The RAAF’s Future Fighter Force


Even if Australia’s defence alliance with the U.S. remains on firm footing, we must be prepared to assume a greater share of the defence burden. As we consider how our changing strategic outlook might affect future force design, our air and naval forces should take priority given the maritime nature of the Indo-Pacific region.

For the RAAF and, specifically, for the air force’s strike and air combat capability, we have some room for manoeuvre when considering future platforms.

The RAAF’s 24 Super Hornets raise some interesting possibilities for force structure planners. As we’ve explored in past articles (here and here), the F/A-18Fs will be a viable capability for considerably longer than the 2030 replacement date suggested in the 2016 defence white paper. There’s no reason why they can’t be progressively upgraded to Block III standard by the mid-2020s, to become a high-end complement to the F-35.

The upgrade would extend their operational service lives to 9,000 flight hours, and equip them with similar capabilities in avionics, sensors and data systems to F-35s, but with considerably greater payload. Certainly, the Block III Super Hornet isn’t as stealthy as the F-35. What may matter more is the ability to use the F-35 as a stealthy sensor and the Block III Super Hornet as a shooter to maximise their effectiveness. A mixed fleet would be more flexible than an all-F-35 (JSF) force.

The Block III Super Hornet represents a ‘4.5 generation’ capability, in a ‘high/very high’ mix with the F-35. Maintaining this mix also mitigates against the potential risk that adversary ground-based air-defence systems might increasingly incorporate more advanced counter-stealth capabilities that can direct long-range double-digit surface-to-air missiles and advanced multirole combat aircraft. Sensor developments include low-frequency radarsand quantum radar that over time could erode the stealth advantage of an all-F-35 force.

An upgrade to the Block III F/A-18F would be considerably cheaper than the unit cost of an entirely new F-35, which is on track for around U.S.$80 million per aircraft. Based on information provided by Boeing in 2016 and 2017, and ASPI research in 2017, it would cost around U.S.$20 million per aircraft to upgrade a Block II F/A-18F to Block III, and U.S.$8 million per aircraft to upgrade the EA-18G Growler to ‘Advanced Growler’. With 24 Super Hornets and 12 EA-18G Growlers, this represents a total cost of U.S.$576 million for a fleet-wide upgrade, versus U.S.$2.24 billion for a new squadron of 28 F-35s (not including their very high lifetime sustainment costs). That’s a big saving which opens up some interesting options for force development.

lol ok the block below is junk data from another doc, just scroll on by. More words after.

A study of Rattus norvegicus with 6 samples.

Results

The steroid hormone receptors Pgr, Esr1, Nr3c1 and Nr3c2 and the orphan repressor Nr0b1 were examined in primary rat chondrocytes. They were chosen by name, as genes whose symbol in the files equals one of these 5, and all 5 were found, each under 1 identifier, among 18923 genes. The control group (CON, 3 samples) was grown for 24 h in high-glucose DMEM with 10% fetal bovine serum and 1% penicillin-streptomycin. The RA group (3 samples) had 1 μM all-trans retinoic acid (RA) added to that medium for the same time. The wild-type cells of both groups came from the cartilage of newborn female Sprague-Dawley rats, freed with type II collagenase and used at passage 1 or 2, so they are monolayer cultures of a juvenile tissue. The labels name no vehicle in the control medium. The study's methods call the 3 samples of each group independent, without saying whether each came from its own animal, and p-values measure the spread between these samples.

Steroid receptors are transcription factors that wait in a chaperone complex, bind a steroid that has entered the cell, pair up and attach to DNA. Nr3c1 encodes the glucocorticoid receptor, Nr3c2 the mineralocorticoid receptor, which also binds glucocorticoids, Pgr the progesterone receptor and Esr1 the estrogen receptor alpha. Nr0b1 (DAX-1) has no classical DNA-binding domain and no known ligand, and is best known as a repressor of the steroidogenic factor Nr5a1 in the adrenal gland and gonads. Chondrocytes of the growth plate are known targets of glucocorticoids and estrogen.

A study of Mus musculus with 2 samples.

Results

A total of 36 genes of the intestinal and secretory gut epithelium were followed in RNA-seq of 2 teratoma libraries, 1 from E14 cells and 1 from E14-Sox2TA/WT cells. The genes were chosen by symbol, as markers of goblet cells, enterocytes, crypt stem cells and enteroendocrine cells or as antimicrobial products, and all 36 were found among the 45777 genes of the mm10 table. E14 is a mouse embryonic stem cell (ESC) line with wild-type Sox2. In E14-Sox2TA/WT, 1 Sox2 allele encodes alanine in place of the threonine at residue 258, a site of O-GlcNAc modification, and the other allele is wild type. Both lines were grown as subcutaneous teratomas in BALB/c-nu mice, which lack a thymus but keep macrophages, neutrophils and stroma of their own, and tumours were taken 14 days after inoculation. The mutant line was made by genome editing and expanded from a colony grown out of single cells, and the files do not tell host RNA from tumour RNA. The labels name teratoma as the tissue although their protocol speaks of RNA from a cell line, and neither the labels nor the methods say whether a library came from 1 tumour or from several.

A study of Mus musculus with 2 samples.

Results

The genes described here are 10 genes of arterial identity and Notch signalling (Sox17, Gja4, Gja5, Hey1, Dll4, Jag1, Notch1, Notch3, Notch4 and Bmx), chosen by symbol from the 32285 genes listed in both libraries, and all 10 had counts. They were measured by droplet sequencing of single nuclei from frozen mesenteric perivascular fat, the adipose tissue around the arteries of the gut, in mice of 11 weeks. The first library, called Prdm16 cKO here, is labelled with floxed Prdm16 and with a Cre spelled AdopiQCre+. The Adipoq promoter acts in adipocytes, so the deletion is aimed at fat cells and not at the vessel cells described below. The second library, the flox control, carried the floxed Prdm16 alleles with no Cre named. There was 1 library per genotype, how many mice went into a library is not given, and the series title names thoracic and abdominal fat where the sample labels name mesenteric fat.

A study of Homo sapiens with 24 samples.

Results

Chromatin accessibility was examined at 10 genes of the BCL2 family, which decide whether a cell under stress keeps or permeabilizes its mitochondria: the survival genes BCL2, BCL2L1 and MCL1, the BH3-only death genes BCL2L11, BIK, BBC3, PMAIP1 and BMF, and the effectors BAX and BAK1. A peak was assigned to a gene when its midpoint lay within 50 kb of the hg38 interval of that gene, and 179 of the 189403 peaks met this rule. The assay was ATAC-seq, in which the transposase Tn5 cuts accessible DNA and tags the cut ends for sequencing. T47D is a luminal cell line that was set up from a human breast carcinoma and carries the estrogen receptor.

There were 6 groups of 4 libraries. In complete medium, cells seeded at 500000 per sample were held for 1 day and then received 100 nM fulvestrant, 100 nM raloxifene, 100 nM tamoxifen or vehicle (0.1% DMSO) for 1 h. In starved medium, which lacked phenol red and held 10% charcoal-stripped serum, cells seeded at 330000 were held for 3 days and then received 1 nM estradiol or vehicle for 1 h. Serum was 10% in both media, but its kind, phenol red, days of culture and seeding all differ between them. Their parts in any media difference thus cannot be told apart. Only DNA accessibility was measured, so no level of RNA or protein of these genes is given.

The U.S.$1.66 billion saved could be invested back into further enhancing the RAAF’s strike and air combat capability, potentially by expanding the overall number of planes it flies. The savings could buy an additional 20 Block III Super Hornets or could be spent as ‘buy in’ to future capability programs, including unmanned combat aerial vehicles that will offer the RAAF the ability to exploit manned–unmanned teaming. Ultimately, the air force needs to think about what will come after the F-35 in the 2040s, and that’s a discussion that should start soon.

In considering the first option of additional aircraft, is there a case for a larger strike and air combat force? One answer can be found in applying Lanchester’s square law, which Andrew Davies explained in a 2014 Strategist piece (he even includes equations for the true geeks). The bottom line is that ‘doubling the force size quadruples its combat weight’. A larger force of 44 Block III Super Hornets would allow for more sorties and higher force concentration for less money than an additional 28 F-35s. Numbers matter, even in an era of stealth and precision weapons, particularly if the F-35’s stealth advantage is eroded.

However, modern air combat is less about a single platform-on-platform contest than it is about a network-versus-network conflict. The F/A-18Fs and F-35s would be part of a system of systems that includes electronic attack, airborne early warning and control, long-range radar, space and even cyber capabilities. Calculating the true value of extra aircraft needs to incorporate the effects generated by this system-of-systems approach.

Next year will mark the beginning of the quadrennial force structure review, and the force design process needs to assess how comparative qualitative balance in a system-of-systems framework is changing over time, and how quantitative factors could affect that change. The process should include a robust debate that tests the assumptions that drive current thinking about the future composition of Australia’s strike and air combat capability.

All of this has a funding dimension, especially if the government decided to acquire the full complement of F-35s as well as expand and upgrade the Super Hornet fleet. Jennings rightly says that Australia must boost defence spending, arguing that ‘we should start to lift defence spending to reach 2.5 or 3% of gross national product in a decade’. That could certainly fund a larger strike and air combat capability force.

A balance must be found and funds must not be spent unless they lead to real capability increases. In the next instalment, I’ll explore the issue of addressing capability gaps, before summarising the prospects offered by next-generation air combat capability programs for Australia.